Even bringing the district director before the Grady County Commission this week failed to convince commissioners to approve a fee hike for environmental health services here.
Tuesday’s appearance by Director Dewayne Tanner of the Southwest Georgia Public Health District failed to sway enough commissioners to take any action on the proposed fee increase for the second time in as many weeks.
Grady County Environmental Health Specialist Clay Poole first met with commissioners at their Nov. 17 meeting to ask for the increase. Poole’s request was unable to gain traction after Commissioner T.D. David’s motion to approve failed to garner a second by any other commissioner.
The Southwest Georgia Public Health District is asking all 14 counties in its purview to approve consumer fee hikes to help cover the rising cost of providing services such as restaurant inspections, septic tank permits, and drinking water well testing.
“It’s important what we do,” said Mr. Tanner, “it’s not something we take lightly.”
Tanner reminded Commission Chairman LaFaye Copeland and commissioners David, Charles Norton and Ray Prince that fees have remained unchanged in Grady County since 2004. “Costs have gone up, state funds have gone down,” Tanner said. Commissioner Elwyn Childs was absent from Tuesday’s regular meeting of the Grady County Commission.
Tanner said he is going to each county commission in the 14-county district, and said five counties had already approved the fee increase.
“Let’s see how the other counties respond,” Commissioner Norton said.
“I don’t see how that affects us, Charlie,” said Commissioner David.
“That’s a state department, regardless of how you look at it,” Norton said. He also expressed displeasure at how the public health district handled an employee matter here approximately eight years ago. Tanner said he was not employed in the southwest Georgia district office at that time.
“I just didn’t want us to vote this down to try to prove a point about some dissatisfaction that happened seven or eight years ago,” said Commissioner David, “the repercussions on saying no to this increase, I don’t know what they could be. I think services could be cut back, and political ramifications – I won’t go into that, and we want good, quality service.”
Norton continued his questioning of environmental health officials Tanner and Poole, who were accompanied to the meeting by Peggy Connell, director of the Grady County Health Department, and Clarcia Avery, part-time environmental specialist for Grady County.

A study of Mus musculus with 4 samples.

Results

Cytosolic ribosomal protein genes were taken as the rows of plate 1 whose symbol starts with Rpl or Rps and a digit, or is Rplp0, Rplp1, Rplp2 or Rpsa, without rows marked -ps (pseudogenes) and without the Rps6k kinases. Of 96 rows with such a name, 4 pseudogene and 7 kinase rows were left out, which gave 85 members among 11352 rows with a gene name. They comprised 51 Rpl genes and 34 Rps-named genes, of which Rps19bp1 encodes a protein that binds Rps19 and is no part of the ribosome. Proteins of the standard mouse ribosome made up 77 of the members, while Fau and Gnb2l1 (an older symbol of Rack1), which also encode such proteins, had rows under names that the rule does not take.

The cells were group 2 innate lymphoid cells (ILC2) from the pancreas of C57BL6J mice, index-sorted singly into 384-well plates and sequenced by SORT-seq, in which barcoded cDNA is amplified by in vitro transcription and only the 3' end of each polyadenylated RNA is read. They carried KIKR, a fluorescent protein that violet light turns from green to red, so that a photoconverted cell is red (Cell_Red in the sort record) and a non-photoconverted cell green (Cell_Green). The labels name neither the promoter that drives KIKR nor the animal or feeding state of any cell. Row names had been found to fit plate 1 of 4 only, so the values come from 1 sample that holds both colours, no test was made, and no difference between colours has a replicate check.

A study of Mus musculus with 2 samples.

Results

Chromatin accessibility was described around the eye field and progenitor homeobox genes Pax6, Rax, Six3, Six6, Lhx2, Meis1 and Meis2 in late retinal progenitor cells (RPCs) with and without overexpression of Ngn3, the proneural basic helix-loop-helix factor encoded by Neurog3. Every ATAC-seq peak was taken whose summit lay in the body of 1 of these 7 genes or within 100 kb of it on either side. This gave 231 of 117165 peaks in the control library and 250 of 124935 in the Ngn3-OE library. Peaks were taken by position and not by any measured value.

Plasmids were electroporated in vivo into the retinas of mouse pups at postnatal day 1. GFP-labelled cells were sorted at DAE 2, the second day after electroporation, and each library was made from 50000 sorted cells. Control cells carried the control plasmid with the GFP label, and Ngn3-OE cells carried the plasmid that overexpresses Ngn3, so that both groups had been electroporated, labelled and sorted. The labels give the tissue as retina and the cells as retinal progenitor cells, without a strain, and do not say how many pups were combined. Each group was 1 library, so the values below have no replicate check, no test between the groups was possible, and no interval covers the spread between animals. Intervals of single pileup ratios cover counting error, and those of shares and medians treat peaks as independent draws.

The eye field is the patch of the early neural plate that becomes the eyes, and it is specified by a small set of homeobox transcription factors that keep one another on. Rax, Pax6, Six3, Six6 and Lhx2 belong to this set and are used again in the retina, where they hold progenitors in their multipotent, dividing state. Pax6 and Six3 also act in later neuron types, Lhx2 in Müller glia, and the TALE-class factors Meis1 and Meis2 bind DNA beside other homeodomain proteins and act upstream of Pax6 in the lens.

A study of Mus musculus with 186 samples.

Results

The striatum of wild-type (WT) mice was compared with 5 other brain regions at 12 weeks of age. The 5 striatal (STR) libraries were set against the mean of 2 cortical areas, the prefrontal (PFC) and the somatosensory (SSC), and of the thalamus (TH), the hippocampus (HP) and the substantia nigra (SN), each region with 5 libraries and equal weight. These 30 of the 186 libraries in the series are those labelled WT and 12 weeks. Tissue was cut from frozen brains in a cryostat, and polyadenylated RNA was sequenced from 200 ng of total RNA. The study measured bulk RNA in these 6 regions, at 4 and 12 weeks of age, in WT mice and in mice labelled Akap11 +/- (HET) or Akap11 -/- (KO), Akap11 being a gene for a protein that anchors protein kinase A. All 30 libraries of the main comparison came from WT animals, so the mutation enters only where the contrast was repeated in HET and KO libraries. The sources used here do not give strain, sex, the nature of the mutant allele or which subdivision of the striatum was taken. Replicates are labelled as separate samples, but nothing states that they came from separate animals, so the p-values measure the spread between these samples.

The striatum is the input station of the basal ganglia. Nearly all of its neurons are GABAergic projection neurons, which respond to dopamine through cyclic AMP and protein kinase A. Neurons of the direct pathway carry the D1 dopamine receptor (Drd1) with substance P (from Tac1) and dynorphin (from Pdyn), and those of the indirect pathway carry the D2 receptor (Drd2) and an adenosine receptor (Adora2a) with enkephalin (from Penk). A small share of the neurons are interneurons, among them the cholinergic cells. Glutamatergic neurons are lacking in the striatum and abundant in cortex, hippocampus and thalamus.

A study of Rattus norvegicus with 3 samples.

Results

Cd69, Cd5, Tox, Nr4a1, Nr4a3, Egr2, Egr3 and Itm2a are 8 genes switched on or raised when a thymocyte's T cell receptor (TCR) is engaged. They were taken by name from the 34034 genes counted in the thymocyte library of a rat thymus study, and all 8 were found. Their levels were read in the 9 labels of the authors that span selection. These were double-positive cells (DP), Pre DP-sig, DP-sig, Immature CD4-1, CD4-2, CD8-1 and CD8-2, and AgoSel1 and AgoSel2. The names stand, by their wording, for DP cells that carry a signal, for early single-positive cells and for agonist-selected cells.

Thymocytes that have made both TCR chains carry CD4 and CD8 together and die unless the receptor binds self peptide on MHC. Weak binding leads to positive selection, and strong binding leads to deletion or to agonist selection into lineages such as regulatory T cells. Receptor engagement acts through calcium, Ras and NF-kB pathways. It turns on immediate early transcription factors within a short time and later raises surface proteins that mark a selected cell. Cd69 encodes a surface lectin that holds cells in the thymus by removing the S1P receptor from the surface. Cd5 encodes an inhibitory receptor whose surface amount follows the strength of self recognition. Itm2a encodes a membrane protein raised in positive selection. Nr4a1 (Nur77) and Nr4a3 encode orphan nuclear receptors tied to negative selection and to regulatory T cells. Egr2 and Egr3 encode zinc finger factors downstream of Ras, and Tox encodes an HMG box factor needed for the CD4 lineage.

Norton questioned septic tank inspection costs and asked about above-ground septic systems and required testing by soil scientists. Norton said testing by soil scientists are costly to homeowners. Tanner said such testing is only required on new, undeveloped lots, or on some problem septic systems.
“We’re trying to protect ourselves from litigation, also. Yes, it’s a little bit of a burden, but I wouldn’t buy a lot without a soil scientist if it hadn’t been built on before,” Tanner said.
Commissioner David suggested, “questions about procedure can be taken up with Clay and Dewayne, but this is a different issue if we still want quality people to stay with us. With the threat of ‘dying’ again, I would like to go ahead and move again that we accept this increase.”
Once again, Commissioner David’s motion did not get a second, and the issue remained unresolved.
However, Director Tanner asked, “Once I have more counties, can I bring it (fee increase approval) back (to the Grady County Commission)?” Chairman Copeland and the other commissioners voiced their approval of that strategy.
Consumer fees that would increase for environmental health services under the district’s plan include well permit costs, which would go up $25 from $50 to $75. Tanner said the services environmental health specialists provide protect the county’s residents. The district health workers issue permits for the well, insure the well is away from a pollution source, sample individual water supplies, perform bacterial testing and talk with owners about treatment options.
Other fee hikes Tanner mentioned at the meeting included an increase in septic tank permits from $75 to $95 and food service permits to a flat fee of $150. In all, the increases are expected to bring in an extra $21,500 per year.
“The services have to be done to protect your citizens, but we’re short-staffed and it takes longer to do those services,” Tanner said. Although Clarcia Avery had retired from the local environmental health office, she has returned to her job part-time.